Smoking out the Blackpool fag ban
Councillors at the English seaside resort town have no legal or popular basis for banning smoking in parks.
While the rest of the UK and Europe contemplates a future of austerity and the curtailment of public-sector fripperies, Labour-led Blackpool Council in north-west England is bucking the trend by spending its tax receipts on the pressing issue of tackling smoking in parks. Vast expanses of land designed to offer seclusion and calm, which are wide open to the elements, and in which one could quite easily lose oneself with little effort, are henceforth to be pronounced devoid of tobacco users.
This futile initiative, announced last week, will involve signs being erected declaring that ‘to protect children this is a designated smokefree site’. As a policy, it ranks up there with the grandiloquent delusion exhibited by councillors in the 1980s claiming that their fiefdom was ‘nuclear-free’, as if the Kremlin would instantly point their missiles somewhere else out of obsequious respect for a collection of inconsequential political wannabes.
At least the the Eighties ‘loony left’ were attempting – in their own comical way – to address a valid public fear of Armageddon. The modern Blackpool incarnation, however, just seems to be making it up as it goes along. Contrary to the enthusiastic rhetoric from Blackpool’s local jobsworths, the parks ‘smoking ban’ has a significant hurdle to overcome: it is entirely unenforceable. Without legal basis (which would require primary legislation), there isn’t a ban at all, just a plea to refrain from smoking or the pretence of a ban to fool innocent smokers.
Smokers who flout the ‘ban’ by retreating into a copse to enjoy a roll-up a hectare away from anyone under the age of 16 will be faced with, perhaps, being spotted by a park warden through binoculars who will be empowered to punish them by tutting inwardly. A second offence might bring the ultimate sanction of being asked to desist (if the park wardens can be bothered to walk that far).
The one thing the policy will not do is make anyone healthier or happier. Ill-conceived marginalisation of smokers can only foster resentment or, just as likely, fewer visits to parks for them and their children. The health angle promoted by the council is vacuous and the product of an immature mentality.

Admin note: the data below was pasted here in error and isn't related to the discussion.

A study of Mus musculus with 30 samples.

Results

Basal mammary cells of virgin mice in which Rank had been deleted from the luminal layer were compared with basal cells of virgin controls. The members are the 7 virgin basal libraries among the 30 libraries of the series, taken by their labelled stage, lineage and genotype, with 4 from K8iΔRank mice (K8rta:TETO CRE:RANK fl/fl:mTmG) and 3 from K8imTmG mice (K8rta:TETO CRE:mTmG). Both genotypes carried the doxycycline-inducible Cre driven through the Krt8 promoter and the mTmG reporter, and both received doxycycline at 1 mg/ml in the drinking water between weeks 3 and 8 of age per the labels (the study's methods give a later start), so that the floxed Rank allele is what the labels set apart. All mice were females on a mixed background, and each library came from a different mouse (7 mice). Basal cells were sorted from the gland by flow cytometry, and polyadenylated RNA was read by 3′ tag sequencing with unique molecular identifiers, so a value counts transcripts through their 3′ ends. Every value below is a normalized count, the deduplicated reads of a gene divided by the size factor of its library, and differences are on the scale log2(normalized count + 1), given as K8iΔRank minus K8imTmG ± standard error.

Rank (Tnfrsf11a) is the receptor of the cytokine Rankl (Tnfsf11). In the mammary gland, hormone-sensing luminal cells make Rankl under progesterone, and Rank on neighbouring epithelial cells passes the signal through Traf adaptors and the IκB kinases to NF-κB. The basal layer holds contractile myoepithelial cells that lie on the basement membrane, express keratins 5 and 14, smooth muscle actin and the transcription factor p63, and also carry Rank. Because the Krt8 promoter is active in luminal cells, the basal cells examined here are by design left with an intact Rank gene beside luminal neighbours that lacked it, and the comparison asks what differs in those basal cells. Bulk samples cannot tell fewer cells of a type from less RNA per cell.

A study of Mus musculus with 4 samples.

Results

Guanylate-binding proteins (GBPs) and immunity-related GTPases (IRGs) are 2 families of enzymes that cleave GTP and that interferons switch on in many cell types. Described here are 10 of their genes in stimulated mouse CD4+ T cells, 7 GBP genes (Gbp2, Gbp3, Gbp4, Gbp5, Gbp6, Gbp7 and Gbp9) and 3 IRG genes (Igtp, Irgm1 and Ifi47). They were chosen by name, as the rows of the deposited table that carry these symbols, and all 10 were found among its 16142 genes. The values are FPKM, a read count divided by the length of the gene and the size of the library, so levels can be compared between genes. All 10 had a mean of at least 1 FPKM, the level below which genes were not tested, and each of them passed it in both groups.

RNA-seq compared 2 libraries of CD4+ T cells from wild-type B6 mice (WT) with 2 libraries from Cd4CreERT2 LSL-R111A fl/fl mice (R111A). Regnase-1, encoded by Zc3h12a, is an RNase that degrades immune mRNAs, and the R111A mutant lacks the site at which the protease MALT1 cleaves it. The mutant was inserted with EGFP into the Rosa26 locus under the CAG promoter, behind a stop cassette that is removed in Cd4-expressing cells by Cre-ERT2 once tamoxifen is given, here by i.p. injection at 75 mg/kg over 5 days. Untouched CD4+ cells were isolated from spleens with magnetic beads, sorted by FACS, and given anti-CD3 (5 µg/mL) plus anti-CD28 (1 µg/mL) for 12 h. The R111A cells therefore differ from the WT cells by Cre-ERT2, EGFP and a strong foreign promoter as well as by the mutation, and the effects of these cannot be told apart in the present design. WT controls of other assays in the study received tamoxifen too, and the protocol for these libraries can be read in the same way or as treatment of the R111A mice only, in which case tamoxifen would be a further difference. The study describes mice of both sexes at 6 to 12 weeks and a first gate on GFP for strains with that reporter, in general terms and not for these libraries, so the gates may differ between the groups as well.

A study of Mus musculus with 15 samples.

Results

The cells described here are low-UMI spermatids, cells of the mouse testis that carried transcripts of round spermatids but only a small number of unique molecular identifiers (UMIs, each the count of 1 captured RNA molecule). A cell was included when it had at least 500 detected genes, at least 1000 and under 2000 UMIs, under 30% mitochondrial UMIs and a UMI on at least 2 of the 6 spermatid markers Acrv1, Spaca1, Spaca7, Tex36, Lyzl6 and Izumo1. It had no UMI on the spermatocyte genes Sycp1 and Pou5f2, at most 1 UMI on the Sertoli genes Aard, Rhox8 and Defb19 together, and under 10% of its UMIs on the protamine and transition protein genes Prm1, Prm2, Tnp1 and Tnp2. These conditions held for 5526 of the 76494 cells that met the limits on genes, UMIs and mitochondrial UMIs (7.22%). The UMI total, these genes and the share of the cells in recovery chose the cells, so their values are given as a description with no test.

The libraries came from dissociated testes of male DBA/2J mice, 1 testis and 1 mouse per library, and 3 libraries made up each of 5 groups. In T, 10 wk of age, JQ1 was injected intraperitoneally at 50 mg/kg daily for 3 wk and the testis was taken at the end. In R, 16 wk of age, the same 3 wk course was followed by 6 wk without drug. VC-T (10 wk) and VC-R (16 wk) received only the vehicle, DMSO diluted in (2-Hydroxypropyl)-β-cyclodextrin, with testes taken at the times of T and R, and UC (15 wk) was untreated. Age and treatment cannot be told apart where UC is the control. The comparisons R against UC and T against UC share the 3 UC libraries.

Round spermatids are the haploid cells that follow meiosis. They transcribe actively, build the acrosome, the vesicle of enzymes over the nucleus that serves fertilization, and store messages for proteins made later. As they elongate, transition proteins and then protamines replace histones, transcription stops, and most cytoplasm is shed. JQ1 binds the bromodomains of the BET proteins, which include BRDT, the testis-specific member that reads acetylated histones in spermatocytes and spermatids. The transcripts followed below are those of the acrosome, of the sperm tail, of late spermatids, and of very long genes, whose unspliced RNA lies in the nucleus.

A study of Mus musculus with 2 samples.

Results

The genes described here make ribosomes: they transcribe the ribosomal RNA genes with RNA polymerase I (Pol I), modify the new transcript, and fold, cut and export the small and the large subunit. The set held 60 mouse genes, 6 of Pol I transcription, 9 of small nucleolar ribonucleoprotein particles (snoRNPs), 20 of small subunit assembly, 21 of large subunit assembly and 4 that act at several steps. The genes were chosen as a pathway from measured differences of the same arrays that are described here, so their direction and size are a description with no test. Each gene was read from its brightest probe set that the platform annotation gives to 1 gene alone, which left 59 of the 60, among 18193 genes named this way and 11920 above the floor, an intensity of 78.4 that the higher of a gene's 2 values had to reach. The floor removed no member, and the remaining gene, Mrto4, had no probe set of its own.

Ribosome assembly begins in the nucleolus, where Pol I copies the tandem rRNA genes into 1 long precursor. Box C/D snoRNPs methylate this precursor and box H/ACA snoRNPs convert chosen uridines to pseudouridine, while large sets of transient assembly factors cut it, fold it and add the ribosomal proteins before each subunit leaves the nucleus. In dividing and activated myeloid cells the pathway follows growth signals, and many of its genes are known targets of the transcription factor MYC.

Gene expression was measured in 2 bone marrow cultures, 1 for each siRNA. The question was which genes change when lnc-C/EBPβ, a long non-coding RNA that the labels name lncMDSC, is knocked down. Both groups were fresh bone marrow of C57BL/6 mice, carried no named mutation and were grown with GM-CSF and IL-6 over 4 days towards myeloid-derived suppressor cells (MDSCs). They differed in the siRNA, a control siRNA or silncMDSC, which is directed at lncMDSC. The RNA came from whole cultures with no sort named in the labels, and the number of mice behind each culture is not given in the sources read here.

Quoting no science whatsoever – even from the Journal of Gullible Buffoonery – councillor Ivan Taylor summoned up all the naive credulity he could muster to justify his voluntary ban by commenting that ‘I don’t think it is reasonable for children who are playing to be suffering from inhaling smoke’. He doesn’t explain how someone reading a book and enjoying their Marlboro hundreds of metres away can direct their smoke into a child’s nostrils far more accurately than an Olympic archer can hit a target from 70 yards, with or without wind, nor how it will affect health without a single study worldwide finding any threat from passive smoking in unenclosed areas.
The Blackpool decision is, to mimic the council’s own Orwellian massage of language, an evidence-free policy. Devoid of scientific reasoning and even the merest passive whiff of legal legitimacy, Blackpool’s ‘ban’ would be amusing if it didn’t also carry with it a sinister threat to free society.
Out of an electorate in excess of 200,000, it is difficult to imagine that Councillor Taylor and his pals are able to reference more than a handful to have petitioned for such an all-encompassing ‘ban’ – if at all – which is borne out by statements picked up by local journalists after the policy was announced. ‘We’ll have to wait and see what the reaction is but I think most people would welcome the reason for it’ is not encouraging. It smacks of councillors deciding on policy and just crossing their fingers in the hope that there isn’t too much objection from those who pay for their existence. Something as fundamentally contrary to liberalism as controlling legal behaviours on citizen-owned open spaces should surely carry some semblance of democratic demand before it is imposed, rather than after.
If not, the possibilities are endless. Blackpool Council has now fostered an environment where any wacko with a personal grudge could claim precedent. Barbecues on public land irritate many people. There is no scientific evidence that they are harmful in a park, and no great call for a ‘voluntary ban’, but if the level of support required is so minuscule, why not put a few signs up anyway? It’s not like any real law is required.
Wearing a t-shirt advertising rappers whose CDs carry a parental advisory warning could corrupt kids and send them into the realm of profanity, so let’s voluntarily ban wearing them near playgrounds. No legal basis, but who needs it? While we’re on a mission to clear the air, gas-guzzling 4x4s shouldn’t be allowed near a park because we’re all a bit jealous. Fine, we can now ban them with a few signs and ask the public what they think about it 12 months down the line. Youngsters playing football too near the little lad learning to ride a bike? No problem, ban them. It’s all up to whatever crosses the mind of someone who was elected by 400 people on a 14 per cent turnout now.
When bans become so very simple to apply, we can all voluntarily ban just about anything. Attempting to intervene in someone else’s meagre pleasures without any legal basis, or any believable reason for doing so, is now literally child’s play.
Whether the targets of all this petty by-lawmaking will respect you for it, or comply with your strictures, is a different matter. I’m sure there are better ways of employing local taxation than giving it to wastrel councillors who dream up irrelevant grandstanding like this.
Martin Cullip is a columnist for the Free Society.